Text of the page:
The Enigma Encryption Machine

In the past few months I’ve written a lot about Number Theory. I thought it about time that we put all of this knowledge to some use. So today we’re going to tackle one of Number Theory’s most relevant application domains: cryptography.

What is encryption?

Encryption is a mechanism for hiding the meaning of information by expressing it in a non-readable way. In order to read it, the information must be decrypted. The process of encryption usually takes the form of mutating data in some way. Decryption can only be achieved with an awareness of the encryption process used.

The purpose of these cryptographic steps is to ensure that only intended parties can read the enclosed information. Since the invention of secrecy people have found ways to convey their meanings without others being able to intercept, however the dawn of the computer age has made these issues more acute.

The Caesar’s Cypher is two millennia old. It was used so that the Emperor could communicate without the messenger reading the message. The model of a message being transmitted from sender to recipient, on horseback or along fibre-optic cables, remains the same. The medium of transmission cannot be trusted. Interception is a real risk. This is why we need encryption.

Symmetric Encryption

Symmetric encryption is the better known method of encryption. The same key that encrypts the data decrypts the data. Analogous to a door, which is locked an unlocked by different copies of the same key.

The Caesar’s Cypher is symmetric encryption. The encryptor shifts ever letter in the message K letters to the right, in alphabetical terms. K could be any integer, and is the secret key known only by the sender and recipient. If K = 3 then a -> d, b -> e and so on. The message “ABC” becomes “DEF”. The recipient would also know that K = 3. They shift each letter back by 3. d -> a etc. This allows them to decrypt the message “DEF” as “ABC”.

The Caesar’s Cypher is a trivial example. There are only 25 possible keys, and can easily be brute-forced. This issue aside, there is another. The sender and recipient both need to know the key value, K. They cannot send this to each other in a message, or else it could be intercepted, and all following encryption would be compromised.

They would need to meet and physically exchange keys, to be sure that the key isn’t intercepted by someone else. In the past this may not have been a problem. Two spies wishing to use a symmetric encryption method could exchange keys in person before sharing encrypted letters with one another.

In the digital age though, it is not feasible to physically meet and exchange keys each time you need to encrypt data. When you came to this website, TLS encryption took place to keep your use of this site private. You did not need to physically meet me in order for that to work. If you had to do so, your use of the internet would be heavily limited. The purpose of the internet is to enable communication which is location-agnostic.

Asymmetric Encryption

Asymmetric encryption is a method which renders raw key exchange unnecessary. Instead, two corresponding keys are formed, with complimentary mathematical properties. As such, a message encrypted by one key can only be decrypted by the other, and vice versa. Importantly, no key can decrypt its own messages.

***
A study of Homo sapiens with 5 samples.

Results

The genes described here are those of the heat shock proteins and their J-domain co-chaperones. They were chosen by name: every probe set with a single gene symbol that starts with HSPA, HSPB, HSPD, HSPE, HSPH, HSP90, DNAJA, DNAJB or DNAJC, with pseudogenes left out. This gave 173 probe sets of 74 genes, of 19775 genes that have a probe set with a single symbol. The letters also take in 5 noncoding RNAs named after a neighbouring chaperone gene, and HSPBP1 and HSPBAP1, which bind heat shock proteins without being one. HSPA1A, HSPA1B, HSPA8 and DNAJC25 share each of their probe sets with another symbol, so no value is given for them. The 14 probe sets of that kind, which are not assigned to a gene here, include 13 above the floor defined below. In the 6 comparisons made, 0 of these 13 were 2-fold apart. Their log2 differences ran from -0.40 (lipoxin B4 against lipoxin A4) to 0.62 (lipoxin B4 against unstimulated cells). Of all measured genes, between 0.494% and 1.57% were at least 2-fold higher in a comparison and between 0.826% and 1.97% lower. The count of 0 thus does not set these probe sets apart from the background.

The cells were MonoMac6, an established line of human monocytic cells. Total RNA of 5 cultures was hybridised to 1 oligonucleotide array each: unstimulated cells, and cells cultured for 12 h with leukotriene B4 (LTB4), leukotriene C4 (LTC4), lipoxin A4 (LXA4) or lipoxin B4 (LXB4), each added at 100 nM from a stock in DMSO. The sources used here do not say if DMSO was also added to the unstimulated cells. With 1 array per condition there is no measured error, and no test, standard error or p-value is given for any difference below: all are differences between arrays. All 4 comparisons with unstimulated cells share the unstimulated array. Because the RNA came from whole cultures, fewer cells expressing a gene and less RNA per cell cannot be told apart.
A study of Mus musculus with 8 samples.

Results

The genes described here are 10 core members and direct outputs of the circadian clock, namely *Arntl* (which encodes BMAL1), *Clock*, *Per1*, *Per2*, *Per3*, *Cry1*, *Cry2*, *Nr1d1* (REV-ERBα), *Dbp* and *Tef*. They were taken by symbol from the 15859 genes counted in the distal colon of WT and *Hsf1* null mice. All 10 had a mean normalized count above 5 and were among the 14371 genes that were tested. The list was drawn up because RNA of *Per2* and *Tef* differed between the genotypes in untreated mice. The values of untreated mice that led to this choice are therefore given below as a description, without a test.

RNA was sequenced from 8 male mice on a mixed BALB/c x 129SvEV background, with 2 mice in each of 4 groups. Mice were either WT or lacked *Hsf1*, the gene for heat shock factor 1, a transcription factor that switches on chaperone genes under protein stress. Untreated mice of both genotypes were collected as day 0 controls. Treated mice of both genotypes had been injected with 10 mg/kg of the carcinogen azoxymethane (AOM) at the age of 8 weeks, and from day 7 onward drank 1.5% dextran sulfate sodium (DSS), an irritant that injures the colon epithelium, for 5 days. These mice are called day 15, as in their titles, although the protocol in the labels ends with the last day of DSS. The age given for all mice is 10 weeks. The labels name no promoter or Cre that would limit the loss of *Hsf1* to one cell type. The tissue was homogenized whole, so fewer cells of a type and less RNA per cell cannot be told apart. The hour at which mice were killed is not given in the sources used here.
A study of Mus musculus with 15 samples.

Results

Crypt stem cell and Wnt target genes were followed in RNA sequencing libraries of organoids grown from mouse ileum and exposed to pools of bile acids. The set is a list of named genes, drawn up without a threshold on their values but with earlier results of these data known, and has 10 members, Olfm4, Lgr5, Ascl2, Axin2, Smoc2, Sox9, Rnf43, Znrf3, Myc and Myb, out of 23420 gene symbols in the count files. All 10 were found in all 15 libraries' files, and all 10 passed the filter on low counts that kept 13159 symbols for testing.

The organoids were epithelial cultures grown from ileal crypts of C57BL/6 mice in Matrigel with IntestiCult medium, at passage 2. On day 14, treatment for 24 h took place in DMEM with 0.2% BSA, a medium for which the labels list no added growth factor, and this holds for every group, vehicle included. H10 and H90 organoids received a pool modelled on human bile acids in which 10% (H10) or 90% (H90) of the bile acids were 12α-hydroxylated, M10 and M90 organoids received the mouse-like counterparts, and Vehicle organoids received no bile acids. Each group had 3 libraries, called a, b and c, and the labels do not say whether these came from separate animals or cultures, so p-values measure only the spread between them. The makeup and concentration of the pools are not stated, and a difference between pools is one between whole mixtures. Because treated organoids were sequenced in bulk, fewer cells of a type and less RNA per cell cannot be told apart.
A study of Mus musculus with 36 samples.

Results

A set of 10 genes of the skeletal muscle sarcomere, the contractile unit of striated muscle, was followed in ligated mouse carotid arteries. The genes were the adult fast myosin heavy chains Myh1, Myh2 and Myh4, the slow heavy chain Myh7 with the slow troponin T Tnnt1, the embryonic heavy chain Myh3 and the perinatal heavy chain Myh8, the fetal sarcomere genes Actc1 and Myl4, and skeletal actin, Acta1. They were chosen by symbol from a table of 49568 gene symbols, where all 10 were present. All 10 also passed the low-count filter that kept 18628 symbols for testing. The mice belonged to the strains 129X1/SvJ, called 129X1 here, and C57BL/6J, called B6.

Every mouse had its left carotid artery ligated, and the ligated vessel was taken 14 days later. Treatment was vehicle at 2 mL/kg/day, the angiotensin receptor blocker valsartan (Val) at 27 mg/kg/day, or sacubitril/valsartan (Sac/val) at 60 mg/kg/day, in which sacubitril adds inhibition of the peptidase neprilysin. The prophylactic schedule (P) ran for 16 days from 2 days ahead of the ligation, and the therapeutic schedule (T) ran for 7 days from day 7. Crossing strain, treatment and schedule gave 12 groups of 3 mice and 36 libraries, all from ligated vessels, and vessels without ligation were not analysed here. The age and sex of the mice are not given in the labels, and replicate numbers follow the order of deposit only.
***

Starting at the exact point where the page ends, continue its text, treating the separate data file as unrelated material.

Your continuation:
The intended recipient creates two such keys. One is chosen as the public key. This can be sent freely across the network to someone that wishes to communicate with this recipient. Using the public key, they encrypt their message and then send it. This message can only be decrypted with the other key, the private key, which the recipient kept for themself. The sender can be sure that only the desired recipient can read their messages.

The enormous benefit here is that the private, decrypting key is never sent or shared. It is kept locally and remains private.

Public Key Interception

An issue that remains though, is that the recipient cannot guarantee who sent this message.

Alice generates a public and private key pair. She sends the public key to Bob. Bob can use the key to encrypt messages and send to Alice. Alice receives those messages and decrypts them. Bob knows that only Alice can read them.

Charlie intercepted Alice’s public key when it was shared across the network. He can now write messages pretending to be Bob. He can encrypt them and send them to Alice. Alice can decrypt those messages and believe Bob is the sender.

Signing Messages

To prevent abuse of public keys, both Alice and Bob can generate a set of key pairs. They each share their public key with one another. When Bob wants to send a message to Alice he will encrypt the message with Alice’s public key as before. He will also add a signature. He might write “Signed by Bob”, and encrypt this with his own private key. This is appended to the end of his message.

When Alice receives this, she can decrypt the message using her private key as before. To verify Bob sent it to her, she can take the signature from the end of the message and decrypt using Bob’s public key. She is able to decrypt this and therefore be sure that the message is definitely from Bob. The same process works when Alice sends Bob a message.

Even if Charlie intercepts both shared public keys, he does not have the private keys necessary to encrypt a signature. Any messages he sends to Alice or Bob can be easily determined as imposters.

How Does It Work?

Now we have a good grasp of the purpose of asymmetric encryption. We need to know how it works next. How can two keys have complimentary properties so that only the other can decrypt its messages? In the next post, we’ll find out exactly that as we dive into the world of RSA encryption.